British fashion house Burberry has focused on recovering markets like Mainland China and Korea by launching a variety of digital initiatives to boost new products. Now, Burberry’s starting to see some early positive results.
Even though comparable global sales declined by 45 percent in Q1 (though easing to 20 percent by June), Asia Pacific has performed well. The region only declined by 10 percent during the quarter but returned to growth in June. A leather-goods campaign is driving strong double-digit growth for the brand’s leather goods in Mainland China and Korea, which is above of pre-COVID-19 levels. Yet Mainland China’s quick recovery was also partially supported by some repatriation of sales in the country, thanks to COVID-19 travel restrictions.
Here’s what Burberry did: In April, Burberry launched a leather goods campaign, featuring a series of sustainable pop-up stores that incorporated an augmented reality experience and offered a limited-edition Pocket Bag to the WeChat followers of fashion KOL Mr. Bags. All 100 bags sold out within a minute of going live on Mr. Bags’ Mini Program, raking in a total of $128,682 (900,000 RMB). The Pocket Bag styles were well-received overall, selling out within three weeks of the campaign going live.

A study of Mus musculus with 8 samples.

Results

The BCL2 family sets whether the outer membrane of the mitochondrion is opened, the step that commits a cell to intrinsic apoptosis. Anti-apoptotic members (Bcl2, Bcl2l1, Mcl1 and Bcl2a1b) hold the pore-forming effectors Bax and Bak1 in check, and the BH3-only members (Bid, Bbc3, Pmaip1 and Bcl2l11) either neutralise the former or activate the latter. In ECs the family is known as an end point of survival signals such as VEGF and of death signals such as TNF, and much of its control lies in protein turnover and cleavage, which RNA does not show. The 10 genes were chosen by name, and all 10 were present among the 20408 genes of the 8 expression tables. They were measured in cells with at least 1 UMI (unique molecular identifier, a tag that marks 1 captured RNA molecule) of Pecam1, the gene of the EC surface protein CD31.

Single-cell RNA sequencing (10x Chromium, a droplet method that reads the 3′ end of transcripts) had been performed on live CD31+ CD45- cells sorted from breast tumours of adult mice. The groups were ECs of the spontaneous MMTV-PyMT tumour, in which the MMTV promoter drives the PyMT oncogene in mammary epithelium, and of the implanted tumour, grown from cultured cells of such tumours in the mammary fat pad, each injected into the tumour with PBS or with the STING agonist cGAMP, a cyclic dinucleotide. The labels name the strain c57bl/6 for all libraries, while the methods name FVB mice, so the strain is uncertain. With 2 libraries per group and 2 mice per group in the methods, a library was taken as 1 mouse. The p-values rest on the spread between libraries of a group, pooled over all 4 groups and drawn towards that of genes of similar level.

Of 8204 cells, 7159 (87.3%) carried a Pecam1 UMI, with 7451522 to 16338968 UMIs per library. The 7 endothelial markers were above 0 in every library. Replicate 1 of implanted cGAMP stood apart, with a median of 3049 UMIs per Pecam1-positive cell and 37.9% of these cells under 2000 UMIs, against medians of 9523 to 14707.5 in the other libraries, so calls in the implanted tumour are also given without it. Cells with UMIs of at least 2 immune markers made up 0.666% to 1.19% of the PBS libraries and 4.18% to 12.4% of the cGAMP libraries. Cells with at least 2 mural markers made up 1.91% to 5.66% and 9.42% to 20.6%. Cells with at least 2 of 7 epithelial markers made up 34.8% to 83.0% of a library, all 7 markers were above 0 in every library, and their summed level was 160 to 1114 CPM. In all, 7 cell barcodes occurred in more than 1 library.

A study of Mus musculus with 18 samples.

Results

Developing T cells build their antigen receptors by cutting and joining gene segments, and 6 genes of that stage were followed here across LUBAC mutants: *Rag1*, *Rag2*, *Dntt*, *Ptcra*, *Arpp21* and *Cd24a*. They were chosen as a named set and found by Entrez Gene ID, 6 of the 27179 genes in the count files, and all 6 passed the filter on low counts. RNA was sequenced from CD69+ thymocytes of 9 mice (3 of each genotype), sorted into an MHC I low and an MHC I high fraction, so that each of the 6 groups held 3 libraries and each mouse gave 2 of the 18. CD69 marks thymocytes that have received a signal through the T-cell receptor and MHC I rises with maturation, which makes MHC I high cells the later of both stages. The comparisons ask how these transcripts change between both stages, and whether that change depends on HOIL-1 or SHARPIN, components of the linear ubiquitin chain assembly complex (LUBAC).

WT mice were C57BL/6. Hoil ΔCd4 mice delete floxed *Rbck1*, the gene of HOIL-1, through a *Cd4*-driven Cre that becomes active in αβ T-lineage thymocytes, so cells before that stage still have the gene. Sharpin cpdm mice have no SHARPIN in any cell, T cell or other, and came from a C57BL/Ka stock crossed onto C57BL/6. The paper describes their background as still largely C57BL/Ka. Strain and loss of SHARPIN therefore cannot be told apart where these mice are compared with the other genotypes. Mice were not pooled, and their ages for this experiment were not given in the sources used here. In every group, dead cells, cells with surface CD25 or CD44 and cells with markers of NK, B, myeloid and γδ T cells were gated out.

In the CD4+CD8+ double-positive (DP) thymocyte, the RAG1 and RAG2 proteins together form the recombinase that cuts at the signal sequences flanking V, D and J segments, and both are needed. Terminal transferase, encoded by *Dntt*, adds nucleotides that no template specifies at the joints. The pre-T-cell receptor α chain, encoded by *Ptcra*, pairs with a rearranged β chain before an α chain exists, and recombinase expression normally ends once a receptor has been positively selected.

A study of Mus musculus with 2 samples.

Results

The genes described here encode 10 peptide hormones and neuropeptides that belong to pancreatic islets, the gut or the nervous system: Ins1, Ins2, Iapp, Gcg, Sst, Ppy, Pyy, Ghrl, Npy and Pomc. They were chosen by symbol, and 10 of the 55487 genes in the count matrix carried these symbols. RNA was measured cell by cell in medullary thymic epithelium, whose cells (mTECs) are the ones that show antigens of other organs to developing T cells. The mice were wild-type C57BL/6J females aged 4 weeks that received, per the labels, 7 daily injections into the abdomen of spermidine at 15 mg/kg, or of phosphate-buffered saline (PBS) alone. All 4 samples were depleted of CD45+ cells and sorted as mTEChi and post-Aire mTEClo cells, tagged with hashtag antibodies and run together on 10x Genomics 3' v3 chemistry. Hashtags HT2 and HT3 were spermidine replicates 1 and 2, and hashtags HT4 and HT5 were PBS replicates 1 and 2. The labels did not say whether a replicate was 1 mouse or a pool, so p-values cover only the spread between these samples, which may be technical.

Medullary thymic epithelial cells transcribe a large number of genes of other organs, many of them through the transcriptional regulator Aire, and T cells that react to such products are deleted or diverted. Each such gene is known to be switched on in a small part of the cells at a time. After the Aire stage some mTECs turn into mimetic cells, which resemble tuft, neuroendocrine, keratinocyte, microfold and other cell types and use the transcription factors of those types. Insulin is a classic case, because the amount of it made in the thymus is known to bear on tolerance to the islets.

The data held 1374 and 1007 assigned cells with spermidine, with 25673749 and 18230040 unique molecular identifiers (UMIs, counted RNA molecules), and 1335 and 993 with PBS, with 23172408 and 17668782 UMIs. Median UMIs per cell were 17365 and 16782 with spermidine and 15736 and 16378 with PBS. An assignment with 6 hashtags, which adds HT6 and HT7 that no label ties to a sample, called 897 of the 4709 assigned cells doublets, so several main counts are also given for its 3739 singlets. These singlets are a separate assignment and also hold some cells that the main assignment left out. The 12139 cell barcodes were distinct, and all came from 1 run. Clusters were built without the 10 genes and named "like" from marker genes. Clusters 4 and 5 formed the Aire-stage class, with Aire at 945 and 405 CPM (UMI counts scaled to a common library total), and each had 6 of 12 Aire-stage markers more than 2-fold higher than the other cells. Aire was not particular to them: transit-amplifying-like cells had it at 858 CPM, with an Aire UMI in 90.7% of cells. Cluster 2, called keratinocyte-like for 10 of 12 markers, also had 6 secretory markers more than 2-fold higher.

Burberry’s product-focused strategy paid off, and going forward, Burberry said they would enter the second phase of transforming its house by sharpening its focus on products. That plan includes designing three business units that cover the ready-to-wear, accessories, and shoe categories.
In response to a question about how the brand should protect equity during a period of markdown, chief operating and financial officer Julie Brown said that “most players are in the markdown period [with] more stock going into this [period]. We are working with our digital and offline partners to normalize stock level by the end of this year.”